More than 200 female film makers who were rejected by the British Academy of Film and Television Arts (BAFTA) have gone viral after they were accidentally copied in on the same email.
The talented women, most hailing from the UK, had applied for BAFTA Elevate, an annual programme that “elevates individuals from under-represented groups to the next stage of their career”.
BAFTA had pledged to focus on “female directors seeking to progress in high end television and features” in 2017, however 225 women were rejected.
— Sarah McCarthy (@Sarahlikesfilms) April 4, 2017
But after being cc’d in on the same email, revealing they had not made the cut, the ladies have joined forces and are taking Twitter by storm with their solidarity, branding themselves the #BaftasLucky225.
Sarah McCarthy, from London, tweeted: “Proud to be in #BAFTAsLucky225 the newest group of #womeninfilm born of @BAFTA cc’ing (instead of bcc’ing) unsuccessful applicants!”
Today I got rejected with 224 fellow women directors, all cc-ed. BAFTA said pls delete. Instead we united. Solidarity rocks. #baftaslucky225
— Carey McKenzie (@Carey_McKenzie) April 4, 2017
Carey McKenzie said: “Today I got rejected with 224 fellow women directors, all cc-ed. BAFTA said pls delete. Instead we united. Solidarity rocks. #baftaslucky225.”
While Lucy Patrick Ward, also from London, told her followers: “A rejection email worth being CCed on! Feels like just the beginning – very pleased to be one of #BaftasLucky225.”
Speaking to Shevolution, filmmaker Eva Sigurdardottir stressed that – aside from the email error – the ‘BAFTA’s Lucky 225’ do not blame BAFTA and hope this will highlight the struggles they face in such a male dominated industry.
— Eva Sigurdardottir (@evammsig) April 4, 2017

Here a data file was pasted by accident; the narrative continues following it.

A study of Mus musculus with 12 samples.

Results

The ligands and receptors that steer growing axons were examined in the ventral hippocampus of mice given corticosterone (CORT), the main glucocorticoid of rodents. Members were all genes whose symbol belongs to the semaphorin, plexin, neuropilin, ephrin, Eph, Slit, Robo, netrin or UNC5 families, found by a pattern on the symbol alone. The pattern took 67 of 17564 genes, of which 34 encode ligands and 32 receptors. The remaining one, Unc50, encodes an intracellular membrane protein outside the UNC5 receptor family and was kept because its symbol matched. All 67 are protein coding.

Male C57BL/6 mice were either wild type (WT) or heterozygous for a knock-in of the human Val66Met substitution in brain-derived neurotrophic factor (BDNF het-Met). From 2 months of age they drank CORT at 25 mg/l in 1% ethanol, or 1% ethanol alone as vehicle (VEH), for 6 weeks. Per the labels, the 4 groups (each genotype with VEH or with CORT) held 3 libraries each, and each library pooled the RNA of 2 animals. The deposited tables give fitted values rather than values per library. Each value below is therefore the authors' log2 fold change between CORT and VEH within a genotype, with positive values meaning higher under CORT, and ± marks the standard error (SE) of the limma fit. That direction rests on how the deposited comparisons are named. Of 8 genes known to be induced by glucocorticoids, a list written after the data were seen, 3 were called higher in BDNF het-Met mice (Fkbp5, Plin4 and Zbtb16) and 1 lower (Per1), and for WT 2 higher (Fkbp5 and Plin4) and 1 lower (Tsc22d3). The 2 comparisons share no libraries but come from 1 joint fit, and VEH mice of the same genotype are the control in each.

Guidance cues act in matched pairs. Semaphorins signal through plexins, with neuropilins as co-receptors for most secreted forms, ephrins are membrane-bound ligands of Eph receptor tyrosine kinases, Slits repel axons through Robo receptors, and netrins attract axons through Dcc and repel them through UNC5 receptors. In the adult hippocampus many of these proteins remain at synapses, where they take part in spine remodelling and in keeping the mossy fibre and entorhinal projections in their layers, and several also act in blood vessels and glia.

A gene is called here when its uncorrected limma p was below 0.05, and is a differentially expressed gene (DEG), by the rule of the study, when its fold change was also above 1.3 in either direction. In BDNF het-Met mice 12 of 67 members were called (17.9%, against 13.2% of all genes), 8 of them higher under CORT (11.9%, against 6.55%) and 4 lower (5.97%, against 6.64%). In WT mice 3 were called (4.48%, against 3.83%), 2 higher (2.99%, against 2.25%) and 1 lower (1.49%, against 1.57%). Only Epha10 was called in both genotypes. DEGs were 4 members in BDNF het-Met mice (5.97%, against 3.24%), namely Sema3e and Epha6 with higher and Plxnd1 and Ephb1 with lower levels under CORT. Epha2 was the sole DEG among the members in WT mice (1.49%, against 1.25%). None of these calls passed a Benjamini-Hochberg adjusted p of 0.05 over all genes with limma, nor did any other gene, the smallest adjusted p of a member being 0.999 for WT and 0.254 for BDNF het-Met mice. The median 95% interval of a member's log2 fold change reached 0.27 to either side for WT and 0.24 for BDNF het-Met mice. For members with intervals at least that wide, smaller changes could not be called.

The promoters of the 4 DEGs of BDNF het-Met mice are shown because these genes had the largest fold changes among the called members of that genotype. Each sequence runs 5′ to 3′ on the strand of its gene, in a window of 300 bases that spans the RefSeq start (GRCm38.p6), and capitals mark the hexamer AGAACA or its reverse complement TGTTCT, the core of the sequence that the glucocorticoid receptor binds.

Eva tells us: “This is not BAFTA’s fault – and indeed I am hugely grateful that BAFTA even have this program.
“But their faux pas today with the emails just showed a) how many of us there are, b) the quality of the applicants as I recognised so many names, and c) just how motivated the female directors are and keen to help one another.
“I really hope that today can either help highlight the importance of more support for female filmmakers – more programs like BAFTA’s – and also hopefully it will shed some spotlights on some of the 225 women who weren’t chosen but are also keen to work.
“We often hear that there simply aren’t any female directors out there – this disproved that theory!”
Describing its aims for the 2017 Elevate programme, BAFTA posted on its website: “In 2017, BAFTA Elevate will focus on female directors seeking to progress in high end television and features.
“We hope to address the gap between 50/50 per cent male/female film school graduates and 87/13 per cent male/female industry directing hires and producers’ desire to hire female directors but saying that they are often hard to find. The programme will include networking introductions, mentoring and expert workshops.”
Eva said that those affected have received a full apology for the email error and, after following her suggestion, has agreed to hold a drinks evening for all 225 filmmakers.
Shevolution has approached BAFTA for comment.